Faheem Guirgis, MD, will head to the Windy City later this year to receive a prestigious award that acknowledges his research efforts regarding chest pain and emergency care.
Guirgis, an assistant professor of emergency medicine at the UF College of Medicine – Jacksonville, was selected late last year to receive the Young Investigator Award from the Emergency Medicine Foundation. His selection was the result of a presentation he gave during the 2013 American College of Emergency Physicians’ Research Forum in Seattle.
The presentation was on “Rapid Discharge of Patients Presenting to the Emergency Department with Cocaine Chest Pain: Application of an Abbreviated Cardiac Enzyme Protocol in the Clinical Decision Unit” – a study also facilitated by fellow UF faculty members Steven Godwin, MD, and Kelly Gray-Eurom, MD, among others.
The UF researchers wrote that prior studies have shown that low-risk patients with chest pain related to cocaine abuse can be safely discharged after nine to 12 hours of observation. The goal of this study was to determine the safety of an eight-hour discharge protocol at UF Health Jacksonville.
“Cocaine-associated chest pain is a prevalent problem in urban emergency departments,” Guirgis said. “The reason we decided to come up with this protocol was because we see a large number of these patients annually. We wanted to safely risk-stratify these patients while increasing our efficiency and reducing ED treatment time.”
This retrospective study reviewed patients who were treated from May 2011 through November 2012 using the eight-hour cocaine chest pain protocol. There were 101 patients who represented 111 emergency department admissions. (One of those patients had four visits and seven others had two visits each.) Of that total, 88 percent of the patients had documented cocaine use within 72 hours of admission.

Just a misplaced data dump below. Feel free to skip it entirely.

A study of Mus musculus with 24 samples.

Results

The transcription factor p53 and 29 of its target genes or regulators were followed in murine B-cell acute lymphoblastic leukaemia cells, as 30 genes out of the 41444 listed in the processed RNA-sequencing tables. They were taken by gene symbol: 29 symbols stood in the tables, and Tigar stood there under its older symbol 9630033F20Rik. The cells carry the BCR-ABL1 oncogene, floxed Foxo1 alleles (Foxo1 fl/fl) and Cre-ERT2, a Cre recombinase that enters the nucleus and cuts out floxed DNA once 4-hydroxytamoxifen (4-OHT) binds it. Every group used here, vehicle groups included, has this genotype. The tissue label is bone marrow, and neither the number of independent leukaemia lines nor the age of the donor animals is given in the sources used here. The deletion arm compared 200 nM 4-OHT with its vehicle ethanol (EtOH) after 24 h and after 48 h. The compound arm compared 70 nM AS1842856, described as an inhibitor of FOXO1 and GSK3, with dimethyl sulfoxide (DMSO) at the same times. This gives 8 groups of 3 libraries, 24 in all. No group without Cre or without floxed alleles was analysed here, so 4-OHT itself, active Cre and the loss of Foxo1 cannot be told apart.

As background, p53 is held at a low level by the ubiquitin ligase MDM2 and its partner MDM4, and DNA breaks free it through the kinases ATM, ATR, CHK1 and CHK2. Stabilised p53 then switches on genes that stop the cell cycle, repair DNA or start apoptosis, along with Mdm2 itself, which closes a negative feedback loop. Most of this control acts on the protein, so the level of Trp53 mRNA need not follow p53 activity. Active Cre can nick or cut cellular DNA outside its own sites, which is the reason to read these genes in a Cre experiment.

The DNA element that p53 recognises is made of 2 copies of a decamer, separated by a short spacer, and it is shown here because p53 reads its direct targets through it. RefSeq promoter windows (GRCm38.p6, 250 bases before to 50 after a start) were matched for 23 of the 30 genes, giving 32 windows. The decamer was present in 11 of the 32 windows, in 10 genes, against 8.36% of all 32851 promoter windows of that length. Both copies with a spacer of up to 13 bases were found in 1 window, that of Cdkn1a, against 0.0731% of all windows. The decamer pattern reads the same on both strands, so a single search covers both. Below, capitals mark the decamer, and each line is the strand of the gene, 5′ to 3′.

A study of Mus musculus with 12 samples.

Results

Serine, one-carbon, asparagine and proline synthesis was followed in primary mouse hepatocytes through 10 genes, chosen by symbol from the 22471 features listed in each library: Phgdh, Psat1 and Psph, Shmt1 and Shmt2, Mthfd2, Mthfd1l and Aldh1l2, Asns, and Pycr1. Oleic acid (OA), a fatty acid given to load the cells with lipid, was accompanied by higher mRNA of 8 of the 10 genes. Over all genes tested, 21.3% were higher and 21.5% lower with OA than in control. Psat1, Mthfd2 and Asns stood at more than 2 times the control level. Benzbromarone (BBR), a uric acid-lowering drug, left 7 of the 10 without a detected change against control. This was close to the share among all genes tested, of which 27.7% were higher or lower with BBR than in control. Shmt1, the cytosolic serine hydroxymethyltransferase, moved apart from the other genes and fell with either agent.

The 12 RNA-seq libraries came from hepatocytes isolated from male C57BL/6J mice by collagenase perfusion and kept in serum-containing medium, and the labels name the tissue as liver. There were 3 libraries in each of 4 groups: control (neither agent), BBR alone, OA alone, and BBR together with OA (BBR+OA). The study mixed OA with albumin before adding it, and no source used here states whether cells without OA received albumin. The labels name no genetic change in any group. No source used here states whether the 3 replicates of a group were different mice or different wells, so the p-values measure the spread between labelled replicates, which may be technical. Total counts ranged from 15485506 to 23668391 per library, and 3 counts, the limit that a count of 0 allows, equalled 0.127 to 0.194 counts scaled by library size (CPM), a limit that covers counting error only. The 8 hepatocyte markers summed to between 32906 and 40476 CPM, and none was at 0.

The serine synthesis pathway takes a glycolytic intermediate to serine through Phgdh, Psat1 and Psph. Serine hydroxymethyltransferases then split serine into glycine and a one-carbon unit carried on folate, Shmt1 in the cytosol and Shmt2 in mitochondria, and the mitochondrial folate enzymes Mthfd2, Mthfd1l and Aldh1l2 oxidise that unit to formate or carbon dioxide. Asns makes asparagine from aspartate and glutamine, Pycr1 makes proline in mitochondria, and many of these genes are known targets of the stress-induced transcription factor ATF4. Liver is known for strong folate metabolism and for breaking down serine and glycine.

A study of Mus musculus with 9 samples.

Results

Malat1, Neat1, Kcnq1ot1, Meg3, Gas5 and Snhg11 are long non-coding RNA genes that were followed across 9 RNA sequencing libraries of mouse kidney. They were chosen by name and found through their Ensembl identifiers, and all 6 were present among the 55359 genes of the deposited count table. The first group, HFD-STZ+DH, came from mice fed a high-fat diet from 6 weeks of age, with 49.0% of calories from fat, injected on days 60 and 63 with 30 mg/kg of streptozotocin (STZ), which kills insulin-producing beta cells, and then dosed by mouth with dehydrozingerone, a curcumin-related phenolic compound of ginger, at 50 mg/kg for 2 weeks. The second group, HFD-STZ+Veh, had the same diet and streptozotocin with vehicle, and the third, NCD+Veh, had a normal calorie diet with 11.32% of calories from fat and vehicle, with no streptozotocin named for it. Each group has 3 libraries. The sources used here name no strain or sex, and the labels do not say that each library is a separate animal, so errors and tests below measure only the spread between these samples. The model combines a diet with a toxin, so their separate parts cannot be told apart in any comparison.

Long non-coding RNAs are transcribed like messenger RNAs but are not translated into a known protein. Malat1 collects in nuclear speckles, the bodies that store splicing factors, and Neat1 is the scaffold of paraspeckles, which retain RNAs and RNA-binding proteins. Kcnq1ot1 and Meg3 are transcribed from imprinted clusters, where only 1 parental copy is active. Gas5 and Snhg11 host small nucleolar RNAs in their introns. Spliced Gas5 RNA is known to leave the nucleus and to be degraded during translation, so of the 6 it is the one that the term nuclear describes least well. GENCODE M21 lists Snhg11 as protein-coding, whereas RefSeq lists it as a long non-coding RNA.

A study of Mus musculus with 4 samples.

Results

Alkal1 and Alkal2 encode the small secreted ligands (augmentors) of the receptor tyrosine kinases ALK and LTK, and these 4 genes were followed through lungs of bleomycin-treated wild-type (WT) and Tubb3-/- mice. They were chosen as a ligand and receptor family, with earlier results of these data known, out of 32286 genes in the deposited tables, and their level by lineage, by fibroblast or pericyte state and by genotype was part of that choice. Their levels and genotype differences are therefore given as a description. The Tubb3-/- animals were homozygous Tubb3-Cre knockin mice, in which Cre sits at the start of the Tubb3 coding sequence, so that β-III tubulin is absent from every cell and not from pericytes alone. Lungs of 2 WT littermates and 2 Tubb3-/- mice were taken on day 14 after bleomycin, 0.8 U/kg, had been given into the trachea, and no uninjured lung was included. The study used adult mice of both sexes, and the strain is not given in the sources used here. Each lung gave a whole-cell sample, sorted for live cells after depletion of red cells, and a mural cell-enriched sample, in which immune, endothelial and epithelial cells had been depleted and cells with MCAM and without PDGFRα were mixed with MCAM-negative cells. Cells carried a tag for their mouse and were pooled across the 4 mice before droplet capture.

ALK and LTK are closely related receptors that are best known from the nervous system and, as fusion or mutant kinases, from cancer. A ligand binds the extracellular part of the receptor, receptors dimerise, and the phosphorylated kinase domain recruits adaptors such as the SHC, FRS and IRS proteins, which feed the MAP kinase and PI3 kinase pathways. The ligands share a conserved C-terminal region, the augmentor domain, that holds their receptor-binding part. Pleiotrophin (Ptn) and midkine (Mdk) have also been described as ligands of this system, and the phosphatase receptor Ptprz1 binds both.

Patients were discharged if they were free of chest pain and if test results of cardiac biomarkers were negative upon admission and at the two-, four- and eight-hour points. Biomarkers are substances produced by the body that signify a certain condition. No patient tested positive for Troponin-T or CK-MB (two relevant cardiac biomarkers) during any point of his or her emergency department stay. A positive testing would have signified a heart attack.
There were 103 discharges and eight inpatient admissions. Of the admitted patients, two had additional stress tests (which were negative) and one was tested again for cardiac biomarkers (which were negative). All eight were discharged.
There were no heart attacks or deaths during a 30-day follow-up period.
“The estimated risk of missing a patient with positive cardiac biomarkers, adverse cardiac event or death within 30 days of using our protocol is almost surely less than 5.1 percent and most likely less than 3.6 percent,” the researchers wrote, given that there were no patients with any of those three primary outcomes.
“Application of our abbreviated cardiac enzyme protocol resulted in the safe and rapid discharge of patients presenting to the ED with cocaine chest pain, as there were no deaths and no adverse cardiac events,” the conclusion said.
Heading to Chicago
Guirgis was selected for the Young Investigator Award from a pool of more than 90 researchers. Each candidate had to have completed his or her residency within the past five years. Guirgis finished his residency in emergency medicine in 2010.
“I was excited to win this award,” said Guirgis, who is also board-certified in emergency medicine. “I think it’s an interesting topic that deserves attention due to the prevalence of this complaint and the variable ways these patients are managed.”
Guirgis will receive the award in October during ACEP’s Scientific Assembly in Chicago.